Mimetic animals with eyespot markings have colonised the landscaped garden idyll at Lincoln’s Inn. The buildings that surround it represent the highest concentration of lawyer’s chambers in the UK. This setting has become the unlikely setting for a series of commissioned drawings, by former court artist Sian Frances, of a lookalike murderer re-enacting his own transition from police cell to first appearance in court. He reappears again to mimic drama students from the Central School of Speech and Drama (CSSD) in their attempts to become animal at London Zoo. Themes of legality and the animal, both as copy and copier, return in fragments throughout the show.
The title My Previous Life as an Ape is borrowed from Kafka’s short story A Report to an Academy in which an ape, who has evolved to mimic humans, is asked to recall his existence as a primate. In looking for a ‘way out’ of his cage the ape realises he must become human enough to become a (musical) performer. By casting off his memory and former identity in order to survive, the story’s protagonist can no longer relate his emotions or experiences as a primate. In this sense, for the ape, his identity is about performance, a fluid re-enactment of the self.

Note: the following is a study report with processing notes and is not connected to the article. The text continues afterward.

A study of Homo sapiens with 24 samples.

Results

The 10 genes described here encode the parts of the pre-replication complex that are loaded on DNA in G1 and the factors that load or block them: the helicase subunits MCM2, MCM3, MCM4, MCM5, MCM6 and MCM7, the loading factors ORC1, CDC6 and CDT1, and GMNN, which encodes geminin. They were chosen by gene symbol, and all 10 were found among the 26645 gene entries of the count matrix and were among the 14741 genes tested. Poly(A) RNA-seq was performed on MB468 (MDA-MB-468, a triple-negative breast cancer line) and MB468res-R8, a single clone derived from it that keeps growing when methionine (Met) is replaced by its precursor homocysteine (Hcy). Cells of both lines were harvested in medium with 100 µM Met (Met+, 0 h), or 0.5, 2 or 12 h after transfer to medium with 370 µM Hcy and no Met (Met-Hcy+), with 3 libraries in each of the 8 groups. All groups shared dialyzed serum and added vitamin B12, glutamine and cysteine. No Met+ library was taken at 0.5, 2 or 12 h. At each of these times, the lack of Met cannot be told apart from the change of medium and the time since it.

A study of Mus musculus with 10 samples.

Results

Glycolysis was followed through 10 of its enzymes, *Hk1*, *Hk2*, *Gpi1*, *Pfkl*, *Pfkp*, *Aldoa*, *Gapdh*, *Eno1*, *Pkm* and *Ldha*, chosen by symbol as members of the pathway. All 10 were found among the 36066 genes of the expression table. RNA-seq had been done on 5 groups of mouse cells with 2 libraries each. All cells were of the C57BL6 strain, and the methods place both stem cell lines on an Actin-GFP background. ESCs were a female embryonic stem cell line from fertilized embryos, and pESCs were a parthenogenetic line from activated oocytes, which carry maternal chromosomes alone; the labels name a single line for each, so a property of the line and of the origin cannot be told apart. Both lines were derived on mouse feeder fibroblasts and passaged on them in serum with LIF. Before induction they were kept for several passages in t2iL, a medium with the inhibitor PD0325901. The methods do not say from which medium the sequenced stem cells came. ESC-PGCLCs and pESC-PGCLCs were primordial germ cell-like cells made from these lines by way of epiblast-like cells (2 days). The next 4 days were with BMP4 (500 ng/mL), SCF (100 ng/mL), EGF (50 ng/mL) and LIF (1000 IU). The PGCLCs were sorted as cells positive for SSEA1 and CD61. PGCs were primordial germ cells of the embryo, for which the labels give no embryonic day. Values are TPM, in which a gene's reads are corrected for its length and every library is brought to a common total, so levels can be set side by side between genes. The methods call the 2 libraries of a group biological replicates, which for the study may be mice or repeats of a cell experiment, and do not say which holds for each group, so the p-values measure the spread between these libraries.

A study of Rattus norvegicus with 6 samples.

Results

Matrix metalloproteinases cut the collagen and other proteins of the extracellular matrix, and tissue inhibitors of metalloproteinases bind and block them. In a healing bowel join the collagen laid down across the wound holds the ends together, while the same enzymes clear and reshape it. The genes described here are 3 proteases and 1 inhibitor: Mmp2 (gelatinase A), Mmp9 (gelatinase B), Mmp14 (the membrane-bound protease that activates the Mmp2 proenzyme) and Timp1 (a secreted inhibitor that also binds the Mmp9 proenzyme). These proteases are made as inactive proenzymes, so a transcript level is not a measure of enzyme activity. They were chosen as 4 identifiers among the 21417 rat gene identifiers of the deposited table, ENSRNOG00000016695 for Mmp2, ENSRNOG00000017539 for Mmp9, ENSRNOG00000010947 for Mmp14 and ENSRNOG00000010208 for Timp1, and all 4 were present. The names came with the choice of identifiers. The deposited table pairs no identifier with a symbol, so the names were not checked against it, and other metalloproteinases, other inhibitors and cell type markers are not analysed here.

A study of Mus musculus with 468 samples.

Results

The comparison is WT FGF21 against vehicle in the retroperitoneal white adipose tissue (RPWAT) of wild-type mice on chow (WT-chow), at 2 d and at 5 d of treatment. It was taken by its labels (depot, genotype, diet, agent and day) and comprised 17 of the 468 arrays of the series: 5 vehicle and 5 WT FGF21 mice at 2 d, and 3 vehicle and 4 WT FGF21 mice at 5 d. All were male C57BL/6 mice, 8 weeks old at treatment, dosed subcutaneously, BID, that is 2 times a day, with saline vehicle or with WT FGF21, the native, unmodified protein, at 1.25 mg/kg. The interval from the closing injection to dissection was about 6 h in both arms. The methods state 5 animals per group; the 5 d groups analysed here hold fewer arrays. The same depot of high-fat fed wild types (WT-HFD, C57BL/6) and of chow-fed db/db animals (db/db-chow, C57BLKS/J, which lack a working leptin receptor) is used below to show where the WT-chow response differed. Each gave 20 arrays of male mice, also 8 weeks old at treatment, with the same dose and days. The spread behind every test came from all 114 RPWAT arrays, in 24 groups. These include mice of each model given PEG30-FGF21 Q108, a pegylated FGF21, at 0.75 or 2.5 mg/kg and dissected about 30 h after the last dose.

Coutts’ new work explores the act of copying as an impulse not only fundamental to the human condition, but also as territory where we have been exceeded by the animal. In overlapping series of photographs, photo-etchings, drawings and moving image work, animal and human mimics file their reports.
My Previous Life as an Ape will include a parallel text by J. A. Harrington, with advice from and participation by Sian Frances, Stella Dimitrakopoulou, Vanessa Ewan and her Animal Movement cohort from CSSD, Ian Rudgewick-Brown, Theo Ereira-Guyer and PEM specialist Sarah Victoria (Perdekamp Emotional Method of acting).